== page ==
Sen. Elizabeth WarrenElizabeth Ann WarrenTrump on 2020 Dems skipping AIPAC: 'I think they're anti-Jewish' The Hill's Morning Report — Washington readies for Mueller end game 2020 Dems avoid this year's AIPAC conference MORE (D-Mass.) received a standing ovation at a progressive conference in Washington on Thursday, as the left continues to urge her to run for president in 2016.

“Run, Elizabeth, run!” they chanted, as one supporter asked her whether she’d launch a presidential campaign.

"I appreciate the thought," Warren told the crowd, smiling. "I am not running for president."

Her well-received speech at the liberal Campaign For America’s Future (CAF) conference only underscores liberals’ growing frustration in finding an alternative to all but undeclared frontrunner and former secretary of State Hillary Clinton.

Progressive groups such as CAF, which helped launch then-Sen. Barack Obama's 2008 presidential campaign, have become increasingly more vocal about their concerns with Clintons' economic policies.

They say former President Bill Clinton's deregulatory policies in the 1990s helped contribute to the 2008 economic collapse, and question the Clintons' ties to Wall Street donors.

"Hillary Clinton, if she decides to run, should be talking about the kinds of issues we've been talking about today," said CAF co-founder Roger Hickey in an interview. "There are a lot of things that she hasn't clarified." 

Last week, the Clintons offered an unapologetic defense of their economic policies in separate Washington speeches. Hillary, for her part, praised her husband’s economic record, while criticizing former President George Bush. 

Bill was more forthright. 

"Everybody acts like I sat in a closet and said, 'What can I do for Wall Street today?'" the former president said at the Peter G. Peterson Foundation’s 2014 Fiscal Summit last week.

The so-called “Elizabeth Warren wing of the Democratic party” has yet to find their candidate. Warren has insisted she’s not running. But other contenders lack her appeal to the base.

Earlier Thursday, The Wall Street Journal reported that former Montana Democratic Gov. Brian Schweitzer was interested in running as a progressive alternative to Clinton. And Maryland Gov. Martin O’Malley as well as Sen. Bernie Sanders (I-Vt.) are also considered to be mulling a run.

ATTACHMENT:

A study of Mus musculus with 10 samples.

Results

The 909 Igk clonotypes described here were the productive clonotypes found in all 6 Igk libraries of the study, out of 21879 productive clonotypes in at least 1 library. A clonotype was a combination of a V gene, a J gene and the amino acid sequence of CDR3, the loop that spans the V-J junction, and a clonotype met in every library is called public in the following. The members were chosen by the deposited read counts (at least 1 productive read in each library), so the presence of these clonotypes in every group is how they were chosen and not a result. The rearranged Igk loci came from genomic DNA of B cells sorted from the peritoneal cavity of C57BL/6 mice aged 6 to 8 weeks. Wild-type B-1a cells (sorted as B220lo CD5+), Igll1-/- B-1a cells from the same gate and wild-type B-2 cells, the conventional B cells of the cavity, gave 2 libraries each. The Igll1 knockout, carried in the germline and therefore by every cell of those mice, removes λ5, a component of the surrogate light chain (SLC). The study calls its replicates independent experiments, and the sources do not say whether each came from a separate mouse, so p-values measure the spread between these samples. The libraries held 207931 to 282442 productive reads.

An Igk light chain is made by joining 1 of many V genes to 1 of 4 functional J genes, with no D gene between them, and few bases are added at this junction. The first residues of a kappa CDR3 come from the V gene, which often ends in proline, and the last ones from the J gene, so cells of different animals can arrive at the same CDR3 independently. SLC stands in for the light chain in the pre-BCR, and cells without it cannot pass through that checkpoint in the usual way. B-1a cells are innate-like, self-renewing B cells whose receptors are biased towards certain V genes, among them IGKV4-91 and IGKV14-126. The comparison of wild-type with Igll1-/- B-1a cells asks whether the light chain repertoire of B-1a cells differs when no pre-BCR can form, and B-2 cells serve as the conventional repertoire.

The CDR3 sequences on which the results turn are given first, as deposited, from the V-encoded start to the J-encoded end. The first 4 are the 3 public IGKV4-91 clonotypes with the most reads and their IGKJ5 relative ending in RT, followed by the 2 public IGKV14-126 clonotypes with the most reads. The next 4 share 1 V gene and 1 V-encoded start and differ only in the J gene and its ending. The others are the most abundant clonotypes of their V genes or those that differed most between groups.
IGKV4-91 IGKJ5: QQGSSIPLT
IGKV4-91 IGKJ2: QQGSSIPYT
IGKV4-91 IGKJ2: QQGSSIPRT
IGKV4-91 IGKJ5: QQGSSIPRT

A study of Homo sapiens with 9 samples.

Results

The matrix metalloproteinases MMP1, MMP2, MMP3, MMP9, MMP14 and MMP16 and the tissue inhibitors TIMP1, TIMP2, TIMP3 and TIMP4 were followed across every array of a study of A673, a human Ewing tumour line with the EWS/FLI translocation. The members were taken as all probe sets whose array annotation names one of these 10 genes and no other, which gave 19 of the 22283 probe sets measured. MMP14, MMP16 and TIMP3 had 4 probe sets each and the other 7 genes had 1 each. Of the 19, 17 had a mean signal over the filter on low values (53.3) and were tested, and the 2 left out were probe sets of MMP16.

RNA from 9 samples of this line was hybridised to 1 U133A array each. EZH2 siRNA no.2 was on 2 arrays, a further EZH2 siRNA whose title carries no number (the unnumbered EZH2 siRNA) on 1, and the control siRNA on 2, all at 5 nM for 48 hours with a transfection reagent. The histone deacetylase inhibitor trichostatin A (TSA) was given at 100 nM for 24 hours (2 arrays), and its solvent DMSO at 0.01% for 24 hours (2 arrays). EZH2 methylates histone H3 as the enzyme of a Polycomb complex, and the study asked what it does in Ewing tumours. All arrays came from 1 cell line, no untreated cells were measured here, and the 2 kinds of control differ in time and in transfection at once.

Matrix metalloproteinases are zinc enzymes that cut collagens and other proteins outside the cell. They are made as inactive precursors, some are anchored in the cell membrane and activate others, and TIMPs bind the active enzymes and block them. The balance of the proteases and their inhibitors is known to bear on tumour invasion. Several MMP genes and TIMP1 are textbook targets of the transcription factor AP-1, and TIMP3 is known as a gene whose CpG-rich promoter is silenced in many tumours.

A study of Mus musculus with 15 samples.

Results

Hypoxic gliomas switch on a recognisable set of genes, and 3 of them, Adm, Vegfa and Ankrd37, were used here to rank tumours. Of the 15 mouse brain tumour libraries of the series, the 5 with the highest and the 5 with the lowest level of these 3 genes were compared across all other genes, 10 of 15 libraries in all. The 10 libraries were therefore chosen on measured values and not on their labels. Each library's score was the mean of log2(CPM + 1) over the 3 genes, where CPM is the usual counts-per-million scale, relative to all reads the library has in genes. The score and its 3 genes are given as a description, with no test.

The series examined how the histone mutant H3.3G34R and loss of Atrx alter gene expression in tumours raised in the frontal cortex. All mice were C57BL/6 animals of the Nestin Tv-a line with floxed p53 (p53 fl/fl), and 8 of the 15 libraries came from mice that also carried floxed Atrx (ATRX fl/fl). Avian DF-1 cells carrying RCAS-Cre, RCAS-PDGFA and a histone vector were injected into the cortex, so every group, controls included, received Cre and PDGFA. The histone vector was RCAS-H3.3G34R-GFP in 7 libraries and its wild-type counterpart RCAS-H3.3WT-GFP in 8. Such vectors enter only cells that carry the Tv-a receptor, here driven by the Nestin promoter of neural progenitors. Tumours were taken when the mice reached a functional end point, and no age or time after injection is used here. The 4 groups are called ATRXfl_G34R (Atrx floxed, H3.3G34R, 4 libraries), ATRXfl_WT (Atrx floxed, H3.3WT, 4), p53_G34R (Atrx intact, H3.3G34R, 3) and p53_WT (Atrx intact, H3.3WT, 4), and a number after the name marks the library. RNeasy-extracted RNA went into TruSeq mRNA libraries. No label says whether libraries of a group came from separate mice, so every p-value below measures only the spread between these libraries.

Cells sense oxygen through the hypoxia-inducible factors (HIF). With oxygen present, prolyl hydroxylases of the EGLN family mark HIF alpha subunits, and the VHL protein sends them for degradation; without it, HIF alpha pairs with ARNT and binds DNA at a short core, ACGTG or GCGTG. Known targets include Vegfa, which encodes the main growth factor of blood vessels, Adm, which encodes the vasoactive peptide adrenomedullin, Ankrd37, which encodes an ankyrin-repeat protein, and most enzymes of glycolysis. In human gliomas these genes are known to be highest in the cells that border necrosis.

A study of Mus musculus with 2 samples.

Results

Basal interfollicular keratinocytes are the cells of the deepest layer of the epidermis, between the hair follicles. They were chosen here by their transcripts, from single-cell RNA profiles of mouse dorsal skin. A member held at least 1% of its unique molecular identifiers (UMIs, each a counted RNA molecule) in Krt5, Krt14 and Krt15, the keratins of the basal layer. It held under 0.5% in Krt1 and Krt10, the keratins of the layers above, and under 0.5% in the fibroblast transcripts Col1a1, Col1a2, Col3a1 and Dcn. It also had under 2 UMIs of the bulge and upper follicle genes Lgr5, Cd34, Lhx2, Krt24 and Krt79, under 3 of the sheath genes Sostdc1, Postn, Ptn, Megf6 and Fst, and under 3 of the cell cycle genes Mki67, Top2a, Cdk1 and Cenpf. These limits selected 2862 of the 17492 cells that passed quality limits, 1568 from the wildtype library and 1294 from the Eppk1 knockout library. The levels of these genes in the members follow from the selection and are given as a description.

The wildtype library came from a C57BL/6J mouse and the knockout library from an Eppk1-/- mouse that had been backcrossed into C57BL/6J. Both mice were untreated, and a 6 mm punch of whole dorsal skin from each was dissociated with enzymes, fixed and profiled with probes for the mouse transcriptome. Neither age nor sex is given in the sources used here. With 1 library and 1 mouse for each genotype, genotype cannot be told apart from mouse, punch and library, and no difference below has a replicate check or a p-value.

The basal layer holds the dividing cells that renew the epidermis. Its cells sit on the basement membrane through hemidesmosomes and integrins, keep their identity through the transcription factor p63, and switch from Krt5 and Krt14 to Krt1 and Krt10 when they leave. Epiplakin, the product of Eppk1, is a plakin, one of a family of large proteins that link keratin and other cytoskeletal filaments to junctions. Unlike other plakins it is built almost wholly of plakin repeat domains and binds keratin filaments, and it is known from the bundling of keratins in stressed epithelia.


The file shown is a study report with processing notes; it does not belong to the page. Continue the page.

“I think anybody that you mention at this point sounds unlikely to make a dent,” Hickey said. “Scheitzer apparently wants to run. And my view is that some competition in the party so that there are some debates in the primaries is a really good thing. Schweitzer could do it. Gov. O’Malley could do it. Any number of people could do it.”

Warren, for her part, has insisted she’s not interested. Last October, she joined every Democratic female Senator in signing a letter of support for a Clinton White House bid.

Still, Warren, Sanders and Sen. Sherrod Brown (D-Ohio) each made their case during their remarks for the Democratic Party to move more to the left.

"During the financial crisis, I would say the single issue we've pushed the hardest on was — in return for the tens of billions of dollars that was shoveled in for these biggest financial institutions — a little accountability," Warren told the crowd. "What we got — and I want to be clear and this was under both administrations — was nothing, nothing and nothing out of that."

Brown made a similar case during his remarks: “The national Democrats haven't gotten the message, from the president on down, that you need to be a populist party."

Sanders, an independent who is often counted as a Democrat, has said that he'd be interested in challenging Clinton if she runs for president. He made no mention of his 2016 plans in his remarks, and any Clinton challenger faces a steep uphill climb. 

"If it takes a challenger not to coast to the nomination without explaining who she is and what she stands for — a challenger is a very useful thing," Hickey said. "It's healthy for the party, and it's helpful for her ability to campaign in the general election if she's nominated."

Hickey said that progressives are frustrated that Obama seemingly “gave up … except rhetorically” after his stimulus plan to advocate for more government spending.

"My view is that some competition in the party so that there are some debates in the primaries is a really good thing," Hickey said. "The Democrats need a jobs and a growth plan. They can't just pretend that this recovery is good for everybody." 

Asked if he's asked Warren to run, Hickey said: "I personally have not, but many people have."